As if Bossier City hasn’t invited enough legal repercussions by its continuing refusal to follow its charter concerning a petition to vote to amend this basic law, its long-standing regulations on public discourse at City Council meetings threatens even more of these.

Required by law, the Council must allow adequate citizen input in discussion of its actions during a meeting. It began the practice of informing the public of its rights at its Aug, 18, 2020 meeting as a result of acts passed that year by the Louisiana Legislature. Previous statute noted that a “governing body may adopt reasonable rules and restrictions regarding such comment period.” This had been accomplished lastly at the Jan. 21, 2020 meeting.

However, through the Aug. 1, 2023 meeting, the announcing that had commenced nearly three years earlier included only part of that Resolution #5 of 2020, under the “Decorum” section, part of the subsection “Members of the Public Addressing the Council,” which reads:


Rebuffed threat may shuffle Shreveport politics

A clumsy maneuver by a veteran member of the Shreveport City Council with the support of two others may have altered the dynamics of city politics, in favor of Republican Mayor Tom Arceneaux.

In his first two-thirds of a year on the job, Arceneaux hasn’t been very visible. That’s not a bad thing necessarily, as previous Democrat Mayor Adrian Perkins put himself much more in the public eye on a routine basis, but for the wrong reasons: either in floating dreamy, unrealistic, if not irrelevant, policies and priorities, or by committing some political, if not legal, folly.

Drummed out of office for those tendencies, nevertheless Perkins council supporters Democrats James Green, Tabatha Taylor, and Alan Jackson returned to office. They hoped to form a working majority including the two other Democrats elected, Ursula Bowman who succeeded her husband Jerry, and newcomer Gary Brooks, to continue an agenda that didn’t focus on spending reductions in the light of public safety shortages contributing to dismal crime numbers and looming huge capital expenditures on water and sewerage, if not unwise new commitments such as across-the-board salary increase for city employees.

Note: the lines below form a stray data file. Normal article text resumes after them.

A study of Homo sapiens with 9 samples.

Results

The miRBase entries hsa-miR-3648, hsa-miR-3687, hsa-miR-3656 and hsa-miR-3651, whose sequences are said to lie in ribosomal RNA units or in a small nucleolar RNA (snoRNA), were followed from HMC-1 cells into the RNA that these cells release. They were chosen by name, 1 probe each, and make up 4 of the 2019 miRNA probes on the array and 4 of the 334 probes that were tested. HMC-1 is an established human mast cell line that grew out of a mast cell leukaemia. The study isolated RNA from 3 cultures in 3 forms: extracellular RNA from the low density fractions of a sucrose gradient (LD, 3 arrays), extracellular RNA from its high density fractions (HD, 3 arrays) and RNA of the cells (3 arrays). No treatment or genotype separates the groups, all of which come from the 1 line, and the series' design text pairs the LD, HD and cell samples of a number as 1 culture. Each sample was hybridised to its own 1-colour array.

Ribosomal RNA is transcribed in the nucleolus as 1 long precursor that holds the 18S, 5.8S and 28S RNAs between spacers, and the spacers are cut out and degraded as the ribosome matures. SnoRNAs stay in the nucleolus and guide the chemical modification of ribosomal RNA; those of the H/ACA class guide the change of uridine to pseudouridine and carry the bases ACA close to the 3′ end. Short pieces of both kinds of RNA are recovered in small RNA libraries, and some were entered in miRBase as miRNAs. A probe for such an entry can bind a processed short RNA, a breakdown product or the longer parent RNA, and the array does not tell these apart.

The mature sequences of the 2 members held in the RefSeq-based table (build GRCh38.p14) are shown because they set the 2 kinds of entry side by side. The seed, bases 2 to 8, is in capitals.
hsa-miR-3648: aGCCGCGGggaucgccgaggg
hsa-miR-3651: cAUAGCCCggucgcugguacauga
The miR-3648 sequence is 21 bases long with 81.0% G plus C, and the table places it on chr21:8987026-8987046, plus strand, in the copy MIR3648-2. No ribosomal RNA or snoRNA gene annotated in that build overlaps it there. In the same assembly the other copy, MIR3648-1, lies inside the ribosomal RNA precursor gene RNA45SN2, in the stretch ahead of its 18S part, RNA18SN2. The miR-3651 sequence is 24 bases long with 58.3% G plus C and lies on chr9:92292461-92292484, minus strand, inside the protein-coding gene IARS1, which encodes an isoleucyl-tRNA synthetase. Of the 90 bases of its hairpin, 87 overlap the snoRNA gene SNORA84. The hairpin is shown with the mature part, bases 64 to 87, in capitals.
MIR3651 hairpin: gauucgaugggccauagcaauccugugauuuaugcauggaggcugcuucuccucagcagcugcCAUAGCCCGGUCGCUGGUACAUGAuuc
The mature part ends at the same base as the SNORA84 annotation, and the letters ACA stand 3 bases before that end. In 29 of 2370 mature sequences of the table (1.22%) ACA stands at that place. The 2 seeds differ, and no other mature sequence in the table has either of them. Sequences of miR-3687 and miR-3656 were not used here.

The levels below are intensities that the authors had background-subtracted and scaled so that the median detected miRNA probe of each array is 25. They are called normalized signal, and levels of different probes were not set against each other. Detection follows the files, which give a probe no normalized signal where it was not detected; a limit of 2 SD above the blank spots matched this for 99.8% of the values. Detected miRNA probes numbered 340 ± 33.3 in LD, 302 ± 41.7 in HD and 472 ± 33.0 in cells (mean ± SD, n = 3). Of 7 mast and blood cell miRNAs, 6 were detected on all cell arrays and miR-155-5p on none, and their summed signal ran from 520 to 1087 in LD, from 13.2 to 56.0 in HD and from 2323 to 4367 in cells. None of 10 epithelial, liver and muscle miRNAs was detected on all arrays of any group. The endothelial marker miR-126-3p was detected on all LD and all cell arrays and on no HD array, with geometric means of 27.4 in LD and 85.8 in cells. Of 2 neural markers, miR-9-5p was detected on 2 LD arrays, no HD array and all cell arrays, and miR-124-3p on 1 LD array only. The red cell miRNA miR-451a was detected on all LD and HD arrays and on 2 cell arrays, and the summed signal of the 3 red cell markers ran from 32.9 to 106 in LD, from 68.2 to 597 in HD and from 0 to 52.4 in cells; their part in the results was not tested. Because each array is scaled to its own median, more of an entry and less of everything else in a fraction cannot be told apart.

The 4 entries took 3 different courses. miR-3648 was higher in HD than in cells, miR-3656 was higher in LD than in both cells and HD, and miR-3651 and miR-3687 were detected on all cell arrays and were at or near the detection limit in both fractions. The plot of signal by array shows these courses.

BC deserves better than out-of-control Jacobs

It’s not Bossier City Attorney Charles Jacobs’ world, and Bossier Citians shouldn’t have to live in it any longer.

But Jacobs seems to think it is, from his actions and information revealed at the Aug. 29 meeting of the City Council. Discussion of a certified petition that under the city charter mandates that the City Council put its contents on the ballot, as it did not pass this into an ordinance that amends the charter within 30 days of certification on Jul. 10, within 120 days of receipt or Nov. 7, precipitated these revelations.

The existence of that petition spawned an attempt by the set of councilors who during the 30-day window opposed bringing its contents into the charter by a Council vote – Republicans David Montgomery, Jeff Free, and Vince Maggio plus Democrat Bubba Williams and no party Jeff Darby – to support a charter review commission that could address term limits. The petition calls for a lifetime three-term limit for city elected officials, retroactively. A commission could ask voters to approve the same, but much more likely any term limits proposal from it would grandfather in existing councilors, as the petition language would disallow all but Maggio from running for reelection.


Lundy rises in poll, but no chance to win

Three words answer the question as to whether independent Hunter Lundy has a chance to win the Louisiana governor’s race: no, no, and no.

Lundy’s name showed up in third place with 7 percent among the contenders in the latest independent poll released by a set of media outlets, although in one completed days before that for another set of outlets he came in sixth at 3 percent. In both instances, Republican Atty. Gen. Jeff Landry led the way with over 35 percent while Democrat former cabinet member Shawn Wilson took home about a quarter of the vote intention.

Speculation has swirled whether one of four other quality Republicans could begin to consolidate undecided votes, if not pick off voters from other candidates, to challenge for a runoff spot. The thinking was, even as the GOP candidates other than Landry differed from him much more in style than in issue preferences, that voters not on the left of the ideological spectrum who weren’t fans of Landry could find a home with another Republican.


BC reformers shouldn't throw away winning hand

The next moves have been played in the Bossier City term limits drama, but don’t change the dynamics that put reformers in the driver’s seat.

Last week, Republican Atty. Gen. Jeff Landry’s office replied to a City Council resolution of Aug. 15 seeking a legal opinion of the status of a petition certified Jul. 10 by the parish registrar of voters. The city, relying both on its city attorney Charles Jacobs and an outside opinion written by a lawyer who had worked with the city previously but who has no particular expertise in this area of law, questioned whether the petition followed state law and the charter.

The AG’s office declined to assess that, stating that it represents registrars of voters and therefore could not involve itself. Whereupon GOP Mayor Tommy Chandler placed back on the Council’s Aug. 29 agenda an item passed over two weeks earlier: calling an election to have the electorate consider the petition’s lifetime three-term limit, past and future, on elected officials.